About “Read by other session wait event”

This wait event occurs when we are trying to access a buffer in the buffer cache but we find that the buffer is currently being read from disk by another user so we need to wait for that to complete before we can access it.

In previous versions, this wait was classified under the “buffer busy waits” event. However, in Oracle 10.1 and higher, the wait time is now broken out into the “read by other session” wait event. Excessive waits for this event are typically due to several processes repeatedly reading the same blocks, e.g. many sessions scanning the same index or performing full table scans on the same table. Tuning this issue is a matter of finding and eliminating this contention.

Finding the contention

When a session is waiting on this event, an entry will be seen in the v$session_wait system view giving more information on the blocks being waited for:

SELECT p1 "file#", p2 "block#", p3 "class#" 
 FROM v$session_wait
 WHERE event = 'read by other session';

If information collected from the above query repeatedly shows that the same block, (or range of blocks), is experiencing waits, this indicates a “hot” block or object. The following query will give the name and type of the object:

SELECT relative_fno, owner, segment_name, segment_type 
 FROM dba_extents 
 WHERE file_id = &file 
 AND &block BETWEEN block_id AND block_id + blocks - 1;

Hot Objects/Blocks:

Using AWR report “Segment statistics” section shows the HOT objects list.

Eliminating contention

Increasing INITRANS value method:

First we should know how concurrent sessions accessing a single block in an object?

Each db block having 3 layers.

1. Cache layer
2. Transaction layer
3. Data layer

Transaction layer is playing vital role for block contention.

Each block will have ITL (INTERESTED TRANSACTION LIST) slots. This ITL slots is required for any sessions that’s need to modify a block in an object.

INITRANS value for table having segment 1 & INITRANS for index segment having 2.

MAXTRANS value default is 255.
If there is no free ITL slot in a blocks, then transaction will waiting for serially for a free ITL slot. By increasing INITRANS value to avoid the serial transaction waiting. Concurrently number of session will perform the DML operation in single block.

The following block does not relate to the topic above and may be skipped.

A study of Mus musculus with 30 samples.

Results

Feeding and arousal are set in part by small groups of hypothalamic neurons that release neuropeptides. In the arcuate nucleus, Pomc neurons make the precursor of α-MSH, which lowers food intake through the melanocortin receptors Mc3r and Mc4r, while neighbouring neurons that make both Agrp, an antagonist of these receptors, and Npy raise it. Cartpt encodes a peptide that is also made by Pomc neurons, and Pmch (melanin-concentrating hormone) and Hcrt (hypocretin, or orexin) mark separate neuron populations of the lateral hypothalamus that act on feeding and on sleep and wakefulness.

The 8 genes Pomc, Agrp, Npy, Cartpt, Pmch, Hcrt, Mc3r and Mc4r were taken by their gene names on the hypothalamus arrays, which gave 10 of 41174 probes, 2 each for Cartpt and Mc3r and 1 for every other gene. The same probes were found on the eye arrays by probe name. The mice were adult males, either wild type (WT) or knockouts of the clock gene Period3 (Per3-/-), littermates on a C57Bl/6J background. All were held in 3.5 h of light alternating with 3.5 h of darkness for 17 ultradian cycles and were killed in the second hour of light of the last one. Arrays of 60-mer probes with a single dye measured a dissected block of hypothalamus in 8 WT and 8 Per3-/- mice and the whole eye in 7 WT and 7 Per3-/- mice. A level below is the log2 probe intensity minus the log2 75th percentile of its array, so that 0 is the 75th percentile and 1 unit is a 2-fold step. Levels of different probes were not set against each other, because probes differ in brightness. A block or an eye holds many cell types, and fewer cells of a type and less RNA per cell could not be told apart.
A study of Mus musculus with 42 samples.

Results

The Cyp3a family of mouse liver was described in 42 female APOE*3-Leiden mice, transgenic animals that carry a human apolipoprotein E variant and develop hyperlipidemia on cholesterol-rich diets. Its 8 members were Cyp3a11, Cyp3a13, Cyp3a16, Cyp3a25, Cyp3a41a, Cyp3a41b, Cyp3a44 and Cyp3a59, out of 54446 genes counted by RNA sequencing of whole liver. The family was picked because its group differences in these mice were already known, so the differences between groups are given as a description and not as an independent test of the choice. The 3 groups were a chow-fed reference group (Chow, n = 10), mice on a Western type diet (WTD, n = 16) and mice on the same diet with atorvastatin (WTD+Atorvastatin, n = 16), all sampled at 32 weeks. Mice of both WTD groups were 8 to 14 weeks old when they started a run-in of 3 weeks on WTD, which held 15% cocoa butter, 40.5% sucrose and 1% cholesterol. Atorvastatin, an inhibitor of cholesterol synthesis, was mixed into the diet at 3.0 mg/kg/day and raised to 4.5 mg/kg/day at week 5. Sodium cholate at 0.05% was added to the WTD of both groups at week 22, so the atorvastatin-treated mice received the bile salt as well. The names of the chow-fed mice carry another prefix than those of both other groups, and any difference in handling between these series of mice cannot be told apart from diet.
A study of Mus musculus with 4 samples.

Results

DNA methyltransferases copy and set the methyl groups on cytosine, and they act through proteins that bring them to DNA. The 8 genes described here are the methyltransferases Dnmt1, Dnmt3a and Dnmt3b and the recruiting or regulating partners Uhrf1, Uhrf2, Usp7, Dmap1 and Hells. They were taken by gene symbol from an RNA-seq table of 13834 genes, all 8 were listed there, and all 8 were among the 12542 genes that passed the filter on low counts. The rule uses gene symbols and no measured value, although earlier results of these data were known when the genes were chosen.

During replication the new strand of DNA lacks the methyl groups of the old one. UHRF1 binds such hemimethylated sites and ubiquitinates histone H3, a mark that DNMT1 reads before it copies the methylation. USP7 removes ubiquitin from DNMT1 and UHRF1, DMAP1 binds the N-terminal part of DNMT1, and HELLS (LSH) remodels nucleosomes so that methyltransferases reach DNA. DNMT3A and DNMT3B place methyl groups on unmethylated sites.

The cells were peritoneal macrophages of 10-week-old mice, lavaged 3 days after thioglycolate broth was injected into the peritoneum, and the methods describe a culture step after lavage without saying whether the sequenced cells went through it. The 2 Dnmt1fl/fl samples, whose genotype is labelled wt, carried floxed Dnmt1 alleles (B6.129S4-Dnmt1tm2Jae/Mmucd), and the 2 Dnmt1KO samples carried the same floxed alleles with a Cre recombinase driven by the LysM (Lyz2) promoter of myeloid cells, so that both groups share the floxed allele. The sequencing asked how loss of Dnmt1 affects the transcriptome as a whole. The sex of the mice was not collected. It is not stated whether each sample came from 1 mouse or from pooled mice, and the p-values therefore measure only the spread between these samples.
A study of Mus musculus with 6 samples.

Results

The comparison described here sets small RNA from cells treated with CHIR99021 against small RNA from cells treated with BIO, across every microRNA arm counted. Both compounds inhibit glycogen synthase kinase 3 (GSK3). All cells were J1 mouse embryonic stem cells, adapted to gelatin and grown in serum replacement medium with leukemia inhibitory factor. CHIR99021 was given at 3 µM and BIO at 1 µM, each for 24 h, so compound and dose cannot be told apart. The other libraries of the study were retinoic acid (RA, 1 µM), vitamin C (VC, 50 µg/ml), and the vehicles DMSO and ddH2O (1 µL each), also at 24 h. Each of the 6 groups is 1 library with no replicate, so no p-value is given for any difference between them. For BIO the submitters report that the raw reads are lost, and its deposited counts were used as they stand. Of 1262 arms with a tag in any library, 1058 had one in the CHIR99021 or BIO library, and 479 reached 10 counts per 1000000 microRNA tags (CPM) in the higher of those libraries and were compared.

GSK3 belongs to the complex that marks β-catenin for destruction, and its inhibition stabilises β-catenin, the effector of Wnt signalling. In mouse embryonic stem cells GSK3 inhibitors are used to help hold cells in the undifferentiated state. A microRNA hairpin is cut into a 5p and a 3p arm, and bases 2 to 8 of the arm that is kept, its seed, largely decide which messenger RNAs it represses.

Each ITL requires approximately 23 bytes in the block header.

Increasing PCTFREE method:

Suppose a single 8 KB block contains 1000 rows. We reducing the rows in a block can easily reduce the buffer busy wait.

PCTFREE space is used for future updates only. We have an 8 KB data block. Default PCTFREE value is 10%. If we increased the PCTFREE value is 20% automatically number of rows inserted in a block is automatically reduced.

Note: PCTFREE is still required even with ASSM because it determines how rows will be packed into blocks, while freelists, pctused and pctincrease are ignored with ASSM because they are used for transaction/block management.

Reducing database block size method:

It’s similar to PCTFREE method. Suppose a single 8 KB block contains 1000 rows. Using db multiblock size future we used 4 KB data block. Now 1000 rows should be stored two 4 KB blocks.

Our goal is to reduce the number of records stored in a block.

Tune the inefficient queries:

Reduce the number of blocks accessing for an objects in buffer cache. By tuning the query to minimize the number of blocks reads from disk to database buffer cache.

Optimize indexes
a low cardinality index has a relatively small number of unique values, e.g. a column containing state data with only 50 values. Similar to inefficient queries, the use of a low cardinality index could cause excessive number of blocks to be read into the buffer cache and cause premature aging out of “good” blocks.